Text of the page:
YSU recognized for community outreach
A vast array of community service projects, organized by members of the Youngstown State University community, have earned the school its third straight spot on the President’s Higher Education Community Service Honor Roll.
The honor roll is the highest federal recognition a college or university can receive for its overall involvement in three areas: volunteering, service-learning and civic engagement.
YSU’s service was diverse, with community service projects ranging from
Academic Achievers, a partnership with Warren G. Harding High School, to the Leslie H. Cochran University
Scholars and Honors
Laura McCaskey, director of the Center for Nonprofit
Leadership and cowriter of the award application, said YSU was deserving of the award.
“I was happy to be a part in helping YSU faculty, staff and students receive the recognition they deserve for their outstanding work in serving our community,” McCaskey said.
Students involved with the Student Nonprofit Leadership Organization are required to perform a minimum of 15 hours of community service each semester, McCaskey said.
In addition to five major service projects throughout the year, the Pay It Forward: Strengthening Communities through Student-Led Philanthropy program was a favorite among the students.
It allows students to learn about philanthropy by awarding grants to local nonprofit organizations.
“We are simultaneously learning about the grant-making process as we are enabling community organizations to achieve their goals,” said Kayla Boye, secretary of the SNLO leadership team.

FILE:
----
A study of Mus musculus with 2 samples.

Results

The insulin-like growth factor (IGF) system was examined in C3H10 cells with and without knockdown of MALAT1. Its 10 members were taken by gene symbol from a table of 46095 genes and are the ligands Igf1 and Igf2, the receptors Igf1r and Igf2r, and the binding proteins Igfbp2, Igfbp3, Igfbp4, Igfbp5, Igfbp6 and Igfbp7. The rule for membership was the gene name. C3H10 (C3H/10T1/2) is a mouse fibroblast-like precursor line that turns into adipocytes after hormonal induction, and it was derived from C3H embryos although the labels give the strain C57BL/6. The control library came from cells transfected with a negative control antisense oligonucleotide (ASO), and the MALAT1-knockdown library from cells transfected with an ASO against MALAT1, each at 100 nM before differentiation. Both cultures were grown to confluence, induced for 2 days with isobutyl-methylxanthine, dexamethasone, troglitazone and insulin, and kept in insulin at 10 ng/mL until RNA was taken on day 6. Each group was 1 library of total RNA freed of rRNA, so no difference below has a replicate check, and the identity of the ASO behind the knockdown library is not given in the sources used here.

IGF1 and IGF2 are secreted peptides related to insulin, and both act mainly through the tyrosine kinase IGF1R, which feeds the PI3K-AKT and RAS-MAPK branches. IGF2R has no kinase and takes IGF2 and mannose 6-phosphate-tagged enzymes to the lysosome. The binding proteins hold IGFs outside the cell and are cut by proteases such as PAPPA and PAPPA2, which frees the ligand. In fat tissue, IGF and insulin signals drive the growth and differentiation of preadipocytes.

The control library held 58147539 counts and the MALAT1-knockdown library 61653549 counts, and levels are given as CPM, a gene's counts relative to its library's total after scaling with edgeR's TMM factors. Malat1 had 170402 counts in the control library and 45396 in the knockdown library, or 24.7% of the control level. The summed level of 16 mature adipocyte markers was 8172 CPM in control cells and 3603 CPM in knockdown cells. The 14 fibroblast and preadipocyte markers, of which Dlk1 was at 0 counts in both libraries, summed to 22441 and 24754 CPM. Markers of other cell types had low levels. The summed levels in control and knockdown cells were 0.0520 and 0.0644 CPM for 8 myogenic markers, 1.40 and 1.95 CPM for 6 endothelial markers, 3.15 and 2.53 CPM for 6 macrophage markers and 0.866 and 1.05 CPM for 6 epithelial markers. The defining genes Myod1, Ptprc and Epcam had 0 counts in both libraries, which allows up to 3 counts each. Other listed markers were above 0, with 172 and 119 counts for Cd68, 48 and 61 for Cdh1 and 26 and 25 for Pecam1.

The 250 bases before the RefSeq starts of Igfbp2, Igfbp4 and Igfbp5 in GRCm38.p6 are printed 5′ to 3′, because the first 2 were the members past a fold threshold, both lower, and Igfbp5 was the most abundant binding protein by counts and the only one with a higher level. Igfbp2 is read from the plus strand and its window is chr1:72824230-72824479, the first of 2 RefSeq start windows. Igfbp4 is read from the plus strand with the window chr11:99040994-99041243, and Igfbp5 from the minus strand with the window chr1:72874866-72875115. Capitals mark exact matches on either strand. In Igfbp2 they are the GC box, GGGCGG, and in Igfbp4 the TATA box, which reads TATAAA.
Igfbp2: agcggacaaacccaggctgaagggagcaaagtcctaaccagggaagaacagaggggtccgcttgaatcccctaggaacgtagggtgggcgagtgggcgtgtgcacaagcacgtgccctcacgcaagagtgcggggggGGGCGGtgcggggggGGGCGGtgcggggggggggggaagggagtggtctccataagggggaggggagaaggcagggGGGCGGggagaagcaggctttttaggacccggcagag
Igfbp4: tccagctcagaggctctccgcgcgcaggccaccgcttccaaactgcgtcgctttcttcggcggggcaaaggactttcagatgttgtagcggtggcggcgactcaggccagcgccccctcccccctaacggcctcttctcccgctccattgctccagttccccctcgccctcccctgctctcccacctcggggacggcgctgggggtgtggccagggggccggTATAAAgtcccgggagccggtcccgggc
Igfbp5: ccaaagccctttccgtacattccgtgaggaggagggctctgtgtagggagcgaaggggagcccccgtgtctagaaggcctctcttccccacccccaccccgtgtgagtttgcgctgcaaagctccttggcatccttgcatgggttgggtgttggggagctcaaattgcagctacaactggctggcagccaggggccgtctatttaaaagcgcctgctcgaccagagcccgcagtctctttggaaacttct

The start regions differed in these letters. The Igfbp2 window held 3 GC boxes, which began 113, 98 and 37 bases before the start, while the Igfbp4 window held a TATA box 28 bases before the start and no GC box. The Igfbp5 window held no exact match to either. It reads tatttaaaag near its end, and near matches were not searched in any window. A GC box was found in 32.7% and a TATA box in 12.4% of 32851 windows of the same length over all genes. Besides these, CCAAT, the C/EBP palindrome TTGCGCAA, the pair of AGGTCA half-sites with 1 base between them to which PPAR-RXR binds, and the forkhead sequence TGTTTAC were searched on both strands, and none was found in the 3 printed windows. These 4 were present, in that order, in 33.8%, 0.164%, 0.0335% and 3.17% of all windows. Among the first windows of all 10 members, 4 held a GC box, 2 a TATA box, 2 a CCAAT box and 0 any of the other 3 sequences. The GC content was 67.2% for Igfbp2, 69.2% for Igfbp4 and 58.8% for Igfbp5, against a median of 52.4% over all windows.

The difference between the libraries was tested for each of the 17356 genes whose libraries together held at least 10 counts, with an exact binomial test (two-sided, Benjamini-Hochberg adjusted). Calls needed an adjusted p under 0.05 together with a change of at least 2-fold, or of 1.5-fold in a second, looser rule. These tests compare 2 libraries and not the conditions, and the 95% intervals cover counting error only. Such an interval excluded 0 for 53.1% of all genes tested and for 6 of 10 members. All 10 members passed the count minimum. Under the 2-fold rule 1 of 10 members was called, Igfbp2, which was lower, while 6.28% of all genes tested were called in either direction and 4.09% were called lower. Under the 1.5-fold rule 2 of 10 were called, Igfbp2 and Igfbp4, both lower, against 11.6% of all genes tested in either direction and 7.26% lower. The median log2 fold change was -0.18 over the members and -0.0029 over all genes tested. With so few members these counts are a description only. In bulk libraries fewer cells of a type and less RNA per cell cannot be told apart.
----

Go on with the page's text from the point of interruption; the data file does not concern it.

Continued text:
The University Scholars and Honors Program has its own yearly service project.
It’s known as Shantytown, a large-scale event in the fall to help raise awareness and money for the homeless.
Since Shantytown started 18 years ago, almost $36,000 has been raised through food, money and personal needs items. In addition to fundraising, the volunteers are required to spend the day at a local charity.
This past year, students set up cardboard boxes in which to spend the night.
Junior Sarah Waldinger has participated in Shantytown for the past three years. She said the mandatory volunteering is important, as it serves as a feeder system for permanent volunteers.
Waldinger said her favorite aspect of Shantytown is sleeping outside.
“It gives the volunteers a unique perspective of the homeless,” Waldinger said.
Amy Cossentino, assistant director of the honors program, has been working with Shantytown since its inception. She said it’s more than just a great opportunity to give back to the community.
“It really helps to connect students to the community in a really positive way, as well as connecting the students to each other. It’s a long-standing tradition within the program,” Cossentino said.